16 Apr 2014

Sir Alex Ferguson, his wine sale and David Moyes

A relaxed Sir Alex Ferguson, basking in the twilight of retirement and the limelight of success, is selling off some of the extremely expensive wines in his cellar.

David Moyes, meanwhile - embattled, furrowed brow, all to prove - is facing a task bigger than anyone realised, to rebuild a Manchester United squad of fading stars.

The problem when a big charismatic winner like Alex Ferguson or Tony Blair gets to choose their own time of departure, to go out at the top, their successor, Moyes or Brown, faces a struggle and a half to put the brakes on as they head down the other side. Like fine wines, the best footballers get better with age and then they reach a peak, fall away.

So one man battles for his job, the chance to chop away the dead wood he never bought, the other is pruning the fruits of the amazing success he achieved through the series of incredible football teams he created.

Speaking personally, I've been ridiculously lucky to be a Manchester United fan and season ticket holder while Sir Alex Ferguson was manager. Amazing, entertaining and winning teams he created. By the same token, I respect the scale of the job facing David Moyes.

And there's a curious contrast. The way Fergie filled his wine cellar seems so alien to the way he built his football teams! At least in the latter part of his reign, anyway.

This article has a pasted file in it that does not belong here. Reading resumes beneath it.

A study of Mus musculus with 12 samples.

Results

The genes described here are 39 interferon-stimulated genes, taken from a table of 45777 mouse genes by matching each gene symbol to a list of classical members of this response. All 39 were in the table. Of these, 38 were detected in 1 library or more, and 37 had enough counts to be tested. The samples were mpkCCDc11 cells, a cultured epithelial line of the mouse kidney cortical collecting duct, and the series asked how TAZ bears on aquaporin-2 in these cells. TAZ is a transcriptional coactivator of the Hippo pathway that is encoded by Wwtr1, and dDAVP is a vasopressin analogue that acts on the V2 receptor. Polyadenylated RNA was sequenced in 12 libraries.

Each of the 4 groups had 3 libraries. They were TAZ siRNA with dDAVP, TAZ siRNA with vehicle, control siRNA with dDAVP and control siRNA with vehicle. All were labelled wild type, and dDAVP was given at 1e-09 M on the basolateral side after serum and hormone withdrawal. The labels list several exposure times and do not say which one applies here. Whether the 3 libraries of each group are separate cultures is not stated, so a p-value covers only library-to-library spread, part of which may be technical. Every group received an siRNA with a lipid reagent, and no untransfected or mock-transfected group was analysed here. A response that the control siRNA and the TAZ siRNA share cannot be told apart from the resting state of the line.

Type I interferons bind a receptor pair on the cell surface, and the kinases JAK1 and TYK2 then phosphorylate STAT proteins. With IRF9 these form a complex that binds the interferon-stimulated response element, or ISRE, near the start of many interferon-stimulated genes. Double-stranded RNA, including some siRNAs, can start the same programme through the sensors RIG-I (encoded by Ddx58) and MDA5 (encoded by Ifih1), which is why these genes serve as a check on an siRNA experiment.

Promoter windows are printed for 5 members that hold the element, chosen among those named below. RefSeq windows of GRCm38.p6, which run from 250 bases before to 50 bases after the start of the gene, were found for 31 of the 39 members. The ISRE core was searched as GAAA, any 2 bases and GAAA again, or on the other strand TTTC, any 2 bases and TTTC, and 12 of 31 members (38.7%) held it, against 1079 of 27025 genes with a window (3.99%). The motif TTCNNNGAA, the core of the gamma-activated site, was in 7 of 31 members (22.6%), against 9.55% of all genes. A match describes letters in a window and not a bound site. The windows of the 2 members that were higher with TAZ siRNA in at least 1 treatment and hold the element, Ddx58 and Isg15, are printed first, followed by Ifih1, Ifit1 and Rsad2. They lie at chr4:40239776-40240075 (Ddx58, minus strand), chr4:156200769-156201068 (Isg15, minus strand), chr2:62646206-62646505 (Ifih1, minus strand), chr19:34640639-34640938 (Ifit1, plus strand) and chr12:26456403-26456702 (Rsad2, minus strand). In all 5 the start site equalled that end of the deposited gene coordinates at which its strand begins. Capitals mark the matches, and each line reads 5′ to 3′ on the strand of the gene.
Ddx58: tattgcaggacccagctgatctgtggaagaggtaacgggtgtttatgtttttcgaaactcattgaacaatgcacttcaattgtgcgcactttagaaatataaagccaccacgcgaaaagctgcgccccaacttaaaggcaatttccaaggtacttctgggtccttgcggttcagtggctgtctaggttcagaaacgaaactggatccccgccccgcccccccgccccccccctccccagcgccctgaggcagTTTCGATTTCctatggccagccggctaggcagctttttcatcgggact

To any fan who watched the games in recent years, his squad was obviously running out of juice - yet this supreme figurehead, this master of management, was somehow able to squeeze out every last drop. The entertainment levels weren't quite as high, but the titles still came.

Ferguson started to speak obsessively of the need to find value in the transfer market. Part of this was probably pragmatic - I think people underestimated what a pragmatist Fergie was - as there's no doubt he tried to get some of the top players but failed when they followed money over prestige. And his budget-buying seemed to coincide with the indebted Glazer takeover.

Even so, he meant what he was saying: he started to favour undervalued talents and young players of potential. As superstars like Beckham, Keane and Ronaldo left the stage, unknowns or less heralded performers like Anderson and Nani, Valencia, Jones and Smalling took their place. From a wine point of view, it's not quite going from Berry Brothers & Rudd to Bargain Booze, but it's a definite shift in what you're looking for. You might find some decent value, some undiscovered gems, but you might also end up with some duds.

Such a strategy can be successful, as shown in the brilliant Moneyball - but it relies on strengths other than quality and pure talent. Unity, the habit of winning, respect for or even fear of your boss. These are the things that so quickly drained away, like releasing the cork from a bottle, when Sir Alex retired.